Oops! Grab That Trunk: High-diving ants swing back toward their tree

Certain ants that live 30 or so meters up in tropical trees can save themselves in midair from ruinous falls by making moves previously known only in cheesy action films.

GREAT FALLS. When worker Cephalotes atratus ants drop from high trees in Peru, they often control the direction of their tumbles to catch on to the trunk and then climb home. Yanoviak

Much as a movie heroine tumbles off cliffs but routinely manages to grab something to stop her fall, the female worker ants of the species Cephalotes atratus guide their plunges so they typically veer into a tree trunk, according to Stephen P. Yanoviak of University of Texas Medical Branch in Galveston. The falling ants grip the trunk and then climb back home.

When Yanoviak and his colleagues dropped dozens of the wingless ants out of a tree at a spot about 3 m from the trunk, 85 percent of the falling ants managed to swerve into that trunk, the researchers report in the Feb. 10 Nature. If chance alone were to dictate the fall, Yanoviak says, only 8 percent would strike the trunk.

“Steve’s story is great natural history,” comments tropical entomologist John Longino of Evergreen State College in Olympia, Wash.

Ants, like many other small creatures of the forest canopy, generally survive the impact of a fall. A long fall is better than getting gobbled up by a predator, and previous research has described increased “ant rain,” a shower of ants falling from a treetop, after a bird lands.

Yanoviak argues that although a canopy ant wouldn’t die from the impact of plummeting to the forest floor, it would face perils from predators there and risk not finding its way home.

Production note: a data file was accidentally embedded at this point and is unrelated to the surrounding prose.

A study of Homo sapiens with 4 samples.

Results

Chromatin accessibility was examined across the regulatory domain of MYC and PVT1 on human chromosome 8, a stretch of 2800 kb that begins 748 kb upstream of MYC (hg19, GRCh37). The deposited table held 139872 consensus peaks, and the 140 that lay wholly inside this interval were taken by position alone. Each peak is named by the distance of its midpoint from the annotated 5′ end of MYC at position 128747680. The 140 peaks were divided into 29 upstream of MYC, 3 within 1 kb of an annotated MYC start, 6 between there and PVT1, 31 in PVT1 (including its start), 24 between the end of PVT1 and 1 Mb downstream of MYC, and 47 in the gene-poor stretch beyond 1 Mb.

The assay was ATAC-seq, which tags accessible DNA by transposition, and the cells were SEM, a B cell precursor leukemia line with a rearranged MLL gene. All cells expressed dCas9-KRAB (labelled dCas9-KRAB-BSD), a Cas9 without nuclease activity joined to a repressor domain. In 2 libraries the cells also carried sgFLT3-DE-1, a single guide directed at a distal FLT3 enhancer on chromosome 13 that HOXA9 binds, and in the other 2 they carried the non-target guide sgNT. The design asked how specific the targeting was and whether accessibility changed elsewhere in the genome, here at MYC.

The project began, Yanoviak recalls, when he was perched high in a tree in Peru, brushing away ants that had swarmed onto him. He realized that they weren’t falling straight down.

To videotape dark ants plunging toward the forest floor, Yanoviak painted them with white nail polish. Tests of thousands of C. atratus ants, dropped from the canopy on windless days, found the majority grasping the trunk. Some returned to the treetop within 10 minutes.

Since the ants fall rapidly, some don’t manage to hold on the first time they bump into the trunk. Then, they reorient and try again lower down, says Yanoviak.

When he painted over the eyes of some of the ants, their trunk-catching rate dropped to what would be predicted by chance.

After testing several dozen species, Yanoviak reports that C. atratus is among the champs. Some species just drop. He suggests that C. atratus‘ wide head and flattened rear legs may contribute to the maneuver.

“Why not have wings?” says Longino. “I doubt there is any ant species for which the advantage of [workers’] having wings would outweigh the disadvantages, such as problems maneuvering inside nests.”

Susan Milius is the life sciences writer, covering organismal biology and evolution, and has a special passion for plants, fungi and invertebrates. She studied biology and English literature.